Cognitive computing generally refers to having a system mimic the way people think, learn, solve problems or perform certain tasks. In HCM systems specifically, the system leverages what it knows about us -- including our job, social network, and interests – to yield solid benefits in areas such as social recruiting and social learning.
We are also seeing take-up of some newer entrants into using NLP (natural language processing) in the form of chatbots and intelligent agents. Examples highlighted in my recent POV “Intelligent Automation in HR Services and Solutions” included an employee having a conversation with the system about an error on their timesheet that the system had the wherewithal to resolve … or the HR technology platform proactively pre-filling a timesheet based on items in the person’s calendar and previous timesheets.
So far, generally no controversy surrounding these type of cognitive capabilities … efficiency gains and better customer service without any apparent downside. But what if a near-future incremental step in the cognitive HR tech journey goes something like this:
Employee: Hi there, kindly initiate a PTO time off request for me for this Thursday and Friday after confirming that I still have the 2 PTO days to use.
HR System: I can certainly do that sir, but are you sure you want to take 2 days off this week given you have a major project deadline next Monday, the project seems behind schedule, and as you know, you were late on your last major project deliverable?
Can we say C-R-E-E-P-Y?
The norms regarding leveraging these capabilities in the HR/HCM realm will likely not be established anytime soon. We probably need a few high-profile lawsuits to be the catalyst, followed by consultants developing practices as quickly as they did for Y2K. In the absence of this, it’s reasonable to assume companies will start to get feedback from employees and job candidates that they were put off by the intrusive nature of their HR system interaction.
Until such time, here are four cognitive capabilities in HCM that go beyond (or way beyond) intelligent HR agents and chatbots. Some may still become standard HR systems capabilities and practices in the months or years ahead. For the time being, this is arguably a matter of weighing business benefits (ranging from efficiency gains to improving employee satisfaction/engagement) against potential liabilities that could include a total distrust of using the HR system -- for anything!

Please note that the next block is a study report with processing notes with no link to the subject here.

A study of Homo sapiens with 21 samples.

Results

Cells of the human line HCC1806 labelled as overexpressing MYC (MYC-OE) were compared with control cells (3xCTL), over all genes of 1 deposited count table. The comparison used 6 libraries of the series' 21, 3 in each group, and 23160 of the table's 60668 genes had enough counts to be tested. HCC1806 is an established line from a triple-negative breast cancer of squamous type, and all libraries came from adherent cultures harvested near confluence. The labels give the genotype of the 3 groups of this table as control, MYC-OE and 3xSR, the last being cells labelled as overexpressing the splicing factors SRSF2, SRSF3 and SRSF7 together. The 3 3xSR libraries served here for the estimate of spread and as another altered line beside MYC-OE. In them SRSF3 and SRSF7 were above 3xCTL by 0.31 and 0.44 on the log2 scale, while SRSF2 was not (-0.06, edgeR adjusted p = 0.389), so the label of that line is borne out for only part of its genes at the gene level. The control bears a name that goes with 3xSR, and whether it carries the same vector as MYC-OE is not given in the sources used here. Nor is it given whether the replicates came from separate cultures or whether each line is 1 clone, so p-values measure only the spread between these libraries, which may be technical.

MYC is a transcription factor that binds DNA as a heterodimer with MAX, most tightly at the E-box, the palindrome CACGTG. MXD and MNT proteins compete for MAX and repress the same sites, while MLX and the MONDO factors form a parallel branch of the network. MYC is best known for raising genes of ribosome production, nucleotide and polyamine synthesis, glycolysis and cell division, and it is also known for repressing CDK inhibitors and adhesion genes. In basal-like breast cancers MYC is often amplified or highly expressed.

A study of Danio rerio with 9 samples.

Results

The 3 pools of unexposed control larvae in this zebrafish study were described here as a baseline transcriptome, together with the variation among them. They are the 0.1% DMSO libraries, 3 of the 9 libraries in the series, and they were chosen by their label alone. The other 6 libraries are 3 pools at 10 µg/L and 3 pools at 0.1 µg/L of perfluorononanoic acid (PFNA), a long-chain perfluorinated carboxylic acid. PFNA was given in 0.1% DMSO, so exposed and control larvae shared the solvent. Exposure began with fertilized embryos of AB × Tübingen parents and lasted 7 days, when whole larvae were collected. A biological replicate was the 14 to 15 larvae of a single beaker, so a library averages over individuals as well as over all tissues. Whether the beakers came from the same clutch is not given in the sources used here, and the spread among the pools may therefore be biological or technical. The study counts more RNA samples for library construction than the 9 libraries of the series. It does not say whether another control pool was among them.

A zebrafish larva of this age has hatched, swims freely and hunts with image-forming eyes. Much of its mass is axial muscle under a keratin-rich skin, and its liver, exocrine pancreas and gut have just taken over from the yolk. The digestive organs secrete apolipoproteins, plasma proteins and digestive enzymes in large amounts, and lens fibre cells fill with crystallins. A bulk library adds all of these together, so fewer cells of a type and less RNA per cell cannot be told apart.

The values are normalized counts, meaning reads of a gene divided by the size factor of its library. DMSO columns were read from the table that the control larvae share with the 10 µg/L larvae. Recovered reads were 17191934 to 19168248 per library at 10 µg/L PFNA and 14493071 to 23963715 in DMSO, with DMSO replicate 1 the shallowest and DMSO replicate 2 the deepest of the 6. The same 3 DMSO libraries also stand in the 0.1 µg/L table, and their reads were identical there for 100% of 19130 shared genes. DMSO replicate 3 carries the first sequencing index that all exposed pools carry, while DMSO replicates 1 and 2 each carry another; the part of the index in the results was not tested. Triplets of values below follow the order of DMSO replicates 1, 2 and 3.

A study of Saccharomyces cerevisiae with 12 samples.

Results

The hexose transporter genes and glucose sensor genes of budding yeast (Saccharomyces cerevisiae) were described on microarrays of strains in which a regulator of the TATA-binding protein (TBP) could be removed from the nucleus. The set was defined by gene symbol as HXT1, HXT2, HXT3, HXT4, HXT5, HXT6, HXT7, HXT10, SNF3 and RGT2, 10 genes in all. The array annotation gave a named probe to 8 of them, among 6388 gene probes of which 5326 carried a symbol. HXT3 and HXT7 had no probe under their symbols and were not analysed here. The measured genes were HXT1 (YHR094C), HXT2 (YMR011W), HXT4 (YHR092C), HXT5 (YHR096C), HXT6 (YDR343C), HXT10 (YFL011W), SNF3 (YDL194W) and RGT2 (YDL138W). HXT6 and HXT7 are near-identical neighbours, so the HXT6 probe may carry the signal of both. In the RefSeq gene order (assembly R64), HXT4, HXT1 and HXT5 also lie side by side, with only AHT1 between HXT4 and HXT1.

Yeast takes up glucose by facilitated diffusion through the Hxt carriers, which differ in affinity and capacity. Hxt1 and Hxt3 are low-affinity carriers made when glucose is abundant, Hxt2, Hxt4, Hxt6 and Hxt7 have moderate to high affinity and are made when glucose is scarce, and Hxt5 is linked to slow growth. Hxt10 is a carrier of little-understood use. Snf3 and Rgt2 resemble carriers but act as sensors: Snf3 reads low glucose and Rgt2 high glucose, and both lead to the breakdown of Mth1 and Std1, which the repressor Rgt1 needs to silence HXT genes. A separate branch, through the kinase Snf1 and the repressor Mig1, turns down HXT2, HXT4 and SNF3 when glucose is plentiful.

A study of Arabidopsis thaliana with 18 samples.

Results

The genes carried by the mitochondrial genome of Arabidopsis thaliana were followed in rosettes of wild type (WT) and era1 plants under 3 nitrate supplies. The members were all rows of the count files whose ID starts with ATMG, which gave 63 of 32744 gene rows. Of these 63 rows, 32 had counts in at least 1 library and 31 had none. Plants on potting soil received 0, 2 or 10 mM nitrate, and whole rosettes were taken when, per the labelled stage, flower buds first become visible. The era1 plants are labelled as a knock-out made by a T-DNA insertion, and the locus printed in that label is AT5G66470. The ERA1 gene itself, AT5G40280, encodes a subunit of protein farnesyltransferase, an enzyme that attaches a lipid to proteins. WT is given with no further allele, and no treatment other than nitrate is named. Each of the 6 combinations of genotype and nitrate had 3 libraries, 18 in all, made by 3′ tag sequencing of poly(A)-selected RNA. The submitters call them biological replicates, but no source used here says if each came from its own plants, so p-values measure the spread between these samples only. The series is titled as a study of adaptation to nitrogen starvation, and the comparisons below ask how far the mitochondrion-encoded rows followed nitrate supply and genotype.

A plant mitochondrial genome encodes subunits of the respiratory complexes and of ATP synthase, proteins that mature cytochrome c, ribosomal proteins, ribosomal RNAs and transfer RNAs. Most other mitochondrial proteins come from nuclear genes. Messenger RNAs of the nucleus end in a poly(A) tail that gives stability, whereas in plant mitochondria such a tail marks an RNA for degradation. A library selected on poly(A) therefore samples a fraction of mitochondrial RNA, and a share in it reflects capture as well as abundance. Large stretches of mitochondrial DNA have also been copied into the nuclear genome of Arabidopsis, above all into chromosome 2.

- Upon “clocking out” late one evening, the system notices that excessive hours have been worked by that employee in the last 2 weeks, and auto-emails the person’s supervisor a suggested communication advising the employee that … “the company values work-life balance, and they may want to consider getting back to a more normal schedule.”
- The system recommends internal or external training courses to look into, or even a personal development coach, based on formal or informal feedback received (the latter from corporate social collaboration tools).
- The system alerts a business unit head that a certain employee has initiated the processing of a leave of absence or early retirement, and identifies key “institutional knowledge” they possess (again based on formal or informal feedback) that should be transferred to other colleagues at the earliest.
- A personalized, auto-generated on-boarding communication from soon-to-be team members who let the new employee know they have some things in common … e.g., school attended or outside interests or reside in same part of the city or birthday … and also expresses how excited they are to have them as a team member. (Of course, in this example, the “sender” would receive it first and have a chance to modify.)
Bottom Line: Cognitive capabilities within HCM systems will keep pushing the envelope, perhaps until lawsuits, governance issues or perceived creepiness get in the way.